Let me first say, I have never liked the Yankees. And, I know I am not alone. If you are a baseball fan, from outside of New York, you might not like the Yankees either.
The Yankees have more money than the other teams. They can try to go out and buy a championship year after year. They have the power of the YES Sports Network. The baseball team is one part of a multi-billion dollar Yankee industry.
Many players that excel on other teams get swallowed up by The Yankees. Here are just a few notable examples: C.C. Sabathia, Alex Rodriguez, Dave Winfield, and Reggie Jackson. It is not a level economic playing field in baseball. The big market teams have a big time edge.
With that said, this past week, Derek Jeter transcended what I feel about the Yankees. In fact, most, including me, love Derek Jeter – to the Yankees, “The Captain.” Case in point, Yankee archrival, Boston Red Sox fans, gave Jeter a standing ovation in one of his final at bats.
He is a model ball player. He is a model citizen. He loves his parents and thanks them. He is 180 degrees from the latest escapades in the NFL. In fact, many of us sit in disgust of the current rulings of the NFL and its dysfunction as an example for society. For example, who would want to be recognized for excellence by Roger Goodell, the tarnished commissioner of the NFL? (More on Commission awards later)
Conversely, Derek Jeter is a model to look up to in sports, life and business. There are very few people who have risen above their team, or their profession, to capture the hearts and minds of the public and stay there.
Derek Jeter’s ability to transcend his team, to be a person most of us cheer for, is remarkable.
He is in a rare stratosphere of a person like Cal Ripken, Jr. Both represent loyalty – each having dedicated themselves to one team – rare in the modern era of money-takes-all sports.
I think a recent article by Ian O’Connor of ESPN entitled, “Jeter pitched perfect game with the umps,” said it well. O’Connor noted Jeter’s consistency on the field. He wrote, “Yes, the adults in the stands have dressed their kids in jersey No. 2 because of the five championships, the 3,461 hits and the commitment to approaching every game the way Joe DiMaggio did — as if someone out there was watching him play for the very first time.”
Jeter approached every at bat, and every game the same way. There was a calm, quiet confidence. A belief that his work and results will do the talking.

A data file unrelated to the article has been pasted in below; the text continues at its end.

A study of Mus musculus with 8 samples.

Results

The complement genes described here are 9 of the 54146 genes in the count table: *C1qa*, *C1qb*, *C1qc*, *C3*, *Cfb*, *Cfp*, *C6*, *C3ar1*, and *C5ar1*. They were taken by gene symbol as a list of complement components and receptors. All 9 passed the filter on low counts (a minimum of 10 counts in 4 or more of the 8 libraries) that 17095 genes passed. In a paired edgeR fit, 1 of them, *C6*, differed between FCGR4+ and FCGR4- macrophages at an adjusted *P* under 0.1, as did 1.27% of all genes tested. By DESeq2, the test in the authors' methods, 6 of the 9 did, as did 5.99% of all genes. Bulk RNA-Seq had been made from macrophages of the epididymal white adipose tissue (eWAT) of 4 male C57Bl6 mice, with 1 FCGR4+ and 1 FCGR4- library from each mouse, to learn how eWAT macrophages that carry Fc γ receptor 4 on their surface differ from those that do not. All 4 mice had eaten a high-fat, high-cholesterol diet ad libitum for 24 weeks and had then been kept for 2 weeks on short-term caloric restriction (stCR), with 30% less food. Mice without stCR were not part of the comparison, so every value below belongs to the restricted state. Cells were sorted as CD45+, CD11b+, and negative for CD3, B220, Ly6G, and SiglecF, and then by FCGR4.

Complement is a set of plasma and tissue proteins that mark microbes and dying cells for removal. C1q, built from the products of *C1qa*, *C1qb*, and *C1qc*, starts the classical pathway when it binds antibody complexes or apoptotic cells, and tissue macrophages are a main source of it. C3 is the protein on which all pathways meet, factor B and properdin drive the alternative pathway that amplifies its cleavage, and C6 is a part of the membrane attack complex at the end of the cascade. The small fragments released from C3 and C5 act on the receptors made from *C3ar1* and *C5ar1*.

And O’Connor’s article noted how Jeter always kept his cool. He wrote: “In more than 20 years Jeter never once lost it with an umpire, a remarkable feat considering how verbal abuse of umps has long been accepted as part of the game, just like Cracker Jack, ballpark franks and the seventh-inning stretch.”
O’Connor noted that even the most esteemed players like Cal Ripken, Jr., Rod Carew, Tony Gwynn, and Wade Boggs eventually lost it with the umps at least once.
So, Derek Jeter transcended, not only the Yankees, but also the game itself. He not only played within the rules, but also was an example of how to communicate with, rather than argue with, the rule enforcers, the umps.
One point in O’Connor’s article was that when Jeter was recently called out on strikes, he approached the ump in a nonthreatening way. Jeter contained the discussion as much as possible to a private one between himself and the ump. He knew when, where and how to have conversations – something we must all learn to manage in business.
In the past week, Commissioner Bud Selig awarded Derek Jeter the Commissioner’s Historic Achievement Award.
Selig said, “When I was kid, as I reminisced the other day, my favorite player was Joe DiMaggio. What Joe D meant to my generation, Derek has meant to his.” The award, created in 1998, has been given to 15 recipients.
In a recent post, I wrote, “Once you take a job, honor it by doing it as well as you can.”
Derek Jeter honored his job every day. In retrospect, he transcended his team, profession and industry.